Robo-Call Trial Underway In Madison
by Jeff Rusack, Reporter
August 27, 2013 7:50 PM
Ever get annoyed with political automated calls months before the election? Well, one South Dakotan is standing trial because of those calls, better known as ‘robo-calls.’ Turns out there are laws that say you must identify who is paying for those calls. Now, prosecutors and some local law makers are taking action.
September 2012, State Senator Russell Olson checks his messages, a call from a Virginia area code leaves a message he was not expecting.
“Along with believing that he can rewrite the constitution and deny your 1st Amendment rights to free speech, Senator Russell Olson also believes that South Dakota National Guard students should not deserve to go college,” said a muffled voice from the record message.
It went on.
“And why he thinks that you are a terrorist.”
“I mean when people attack you, you want to know who they are. I mean if I run ads against my opponent, I have to a have a disclaimer that says this is paid for by Russell Olsen and I stand behind what I say. This group, I never heard of, so it raised a level of curiosity that I had never heard of the group,” state Olson on the witness stand.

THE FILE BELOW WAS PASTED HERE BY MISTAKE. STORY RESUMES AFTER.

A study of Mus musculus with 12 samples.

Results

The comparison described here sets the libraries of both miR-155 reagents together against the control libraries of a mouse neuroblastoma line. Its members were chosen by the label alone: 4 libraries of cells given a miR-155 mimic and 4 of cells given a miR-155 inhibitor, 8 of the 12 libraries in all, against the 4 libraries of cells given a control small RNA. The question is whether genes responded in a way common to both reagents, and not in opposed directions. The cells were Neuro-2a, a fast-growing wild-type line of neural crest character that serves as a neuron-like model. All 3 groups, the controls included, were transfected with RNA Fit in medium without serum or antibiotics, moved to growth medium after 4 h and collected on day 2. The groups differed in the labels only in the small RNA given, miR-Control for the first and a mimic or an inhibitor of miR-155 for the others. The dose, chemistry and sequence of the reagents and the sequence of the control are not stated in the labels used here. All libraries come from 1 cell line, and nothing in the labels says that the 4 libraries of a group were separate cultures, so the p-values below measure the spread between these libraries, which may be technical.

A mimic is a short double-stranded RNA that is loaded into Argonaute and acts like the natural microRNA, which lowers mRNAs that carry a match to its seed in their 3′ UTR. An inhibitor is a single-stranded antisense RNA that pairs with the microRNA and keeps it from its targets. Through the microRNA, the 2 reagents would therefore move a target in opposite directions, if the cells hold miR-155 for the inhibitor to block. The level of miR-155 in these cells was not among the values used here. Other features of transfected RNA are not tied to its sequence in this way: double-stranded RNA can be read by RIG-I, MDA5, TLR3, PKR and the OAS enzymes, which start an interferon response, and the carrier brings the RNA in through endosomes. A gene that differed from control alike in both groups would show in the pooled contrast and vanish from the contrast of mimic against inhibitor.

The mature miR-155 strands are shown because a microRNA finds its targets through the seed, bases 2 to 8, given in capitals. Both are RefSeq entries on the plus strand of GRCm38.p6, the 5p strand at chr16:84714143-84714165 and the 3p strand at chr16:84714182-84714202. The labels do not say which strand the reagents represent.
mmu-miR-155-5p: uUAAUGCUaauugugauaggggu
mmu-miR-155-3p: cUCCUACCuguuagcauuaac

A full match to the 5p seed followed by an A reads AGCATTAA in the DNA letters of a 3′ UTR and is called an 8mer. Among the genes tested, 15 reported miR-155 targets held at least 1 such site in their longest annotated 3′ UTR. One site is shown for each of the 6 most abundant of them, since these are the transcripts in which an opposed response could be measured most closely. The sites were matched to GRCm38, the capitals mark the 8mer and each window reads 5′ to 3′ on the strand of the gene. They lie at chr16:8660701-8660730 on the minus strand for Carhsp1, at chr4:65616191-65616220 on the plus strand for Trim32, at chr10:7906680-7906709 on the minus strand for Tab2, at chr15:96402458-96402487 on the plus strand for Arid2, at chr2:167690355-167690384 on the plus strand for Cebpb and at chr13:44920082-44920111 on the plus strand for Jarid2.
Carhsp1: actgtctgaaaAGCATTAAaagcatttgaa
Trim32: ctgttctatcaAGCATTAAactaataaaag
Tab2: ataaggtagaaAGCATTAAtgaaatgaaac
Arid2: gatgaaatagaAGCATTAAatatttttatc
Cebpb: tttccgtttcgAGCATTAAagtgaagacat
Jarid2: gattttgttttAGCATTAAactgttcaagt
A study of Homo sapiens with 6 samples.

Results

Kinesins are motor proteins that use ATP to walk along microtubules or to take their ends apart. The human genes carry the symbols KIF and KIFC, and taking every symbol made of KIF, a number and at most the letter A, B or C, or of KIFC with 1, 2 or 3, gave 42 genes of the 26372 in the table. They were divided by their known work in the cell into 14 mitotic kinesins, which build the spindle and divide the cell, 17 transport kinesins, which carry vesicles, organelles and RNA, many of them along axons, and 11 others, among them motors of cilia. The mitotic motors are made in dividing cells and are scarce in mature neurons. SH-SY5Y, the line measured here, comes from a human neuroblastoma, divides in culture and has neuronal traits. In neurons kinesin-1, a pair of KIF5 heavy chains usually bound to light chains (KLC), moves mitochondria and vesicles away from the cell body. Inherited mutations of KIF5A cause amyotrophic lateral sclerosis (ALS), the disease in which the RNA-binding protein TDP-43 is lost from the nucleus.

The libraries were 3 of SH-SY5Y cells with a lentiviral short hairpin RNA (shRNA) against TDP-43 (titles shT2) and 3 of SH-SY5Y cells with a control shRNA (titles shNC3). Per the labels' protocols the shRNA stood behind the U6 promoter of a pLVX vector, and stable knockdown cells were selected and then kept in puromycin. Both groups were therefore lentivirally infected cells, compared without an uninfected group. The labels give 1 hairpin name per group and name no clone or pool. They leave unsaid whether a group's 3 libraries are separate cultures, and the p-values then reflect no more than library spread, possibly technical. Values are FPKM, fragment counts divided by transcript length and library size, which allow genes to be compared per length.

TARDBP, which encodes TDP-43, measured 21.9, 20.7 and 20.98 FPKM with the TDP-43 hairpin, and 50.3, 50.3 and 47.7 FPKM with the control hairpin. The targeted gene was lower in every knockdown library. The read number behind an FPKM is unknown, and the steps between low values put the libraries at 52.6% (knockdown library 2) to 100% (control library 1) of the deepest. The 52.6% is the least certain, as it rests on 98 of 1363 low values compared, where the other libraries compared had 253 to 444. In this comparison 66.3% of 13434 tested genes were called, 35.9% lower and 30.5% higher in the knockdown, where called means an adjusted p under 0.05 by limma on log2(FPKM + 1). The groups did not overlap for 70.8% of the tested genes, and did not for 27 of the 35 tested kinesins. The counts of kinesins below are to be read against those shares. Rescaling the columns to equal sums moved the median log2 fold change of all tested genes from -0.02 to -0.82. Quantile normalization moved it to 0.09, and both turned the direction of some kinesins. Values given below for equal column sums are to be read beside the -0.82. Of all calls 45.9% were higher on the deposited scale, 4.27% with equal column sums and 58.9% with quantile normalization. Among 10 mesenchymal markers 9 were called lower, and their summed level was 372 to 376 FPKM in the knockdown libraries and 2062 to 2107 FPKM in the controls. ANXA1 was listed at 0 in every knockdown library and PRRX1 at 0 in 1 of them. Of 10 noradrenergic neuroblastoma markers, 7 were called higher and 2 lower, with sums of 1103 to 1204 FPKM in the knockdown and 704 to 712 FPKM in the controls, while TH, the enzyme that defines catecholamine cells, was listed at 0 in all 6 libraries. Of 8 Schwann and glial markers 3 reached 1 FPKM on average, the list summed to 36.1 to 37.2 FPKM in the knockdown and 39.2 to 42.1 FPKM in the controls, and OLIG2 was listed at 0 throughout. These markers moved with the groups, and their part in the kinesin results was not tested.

Election laws say robo-calls must declare who financed the messages 60 days before an election.
Prosecutors say they've tracked the calls that also attacked Representatives Brian Gosch and David Lust. They say the money and phone records point to republican supporter Daniel Willard from Sioux Falls, who faces misdemeanor charges.
Daniel Willard's attorney is former republican State Representative R. Shawn Tornow.
“The state, come heck or high water, is going to go through this political witch hunt to find their person and they settled on Dan Willard and even though it was based on assumption, on assumption, on assumption, that you are going to hear. They're bringing it to you to say, find him guilty,” said Tornow.
The defense goes on to say, the robo-calls did provide identification.
“This call is paid for and authorized by Veterans Against Unethical Politicians,” ended the messages.
The prosecution claim that’s not a company registered with the South Dakota Secretary of State's office. And say, Willard helped fabricate the company to send out the robo-calls.
Election season is over but, the fight over robo-calls has just begun.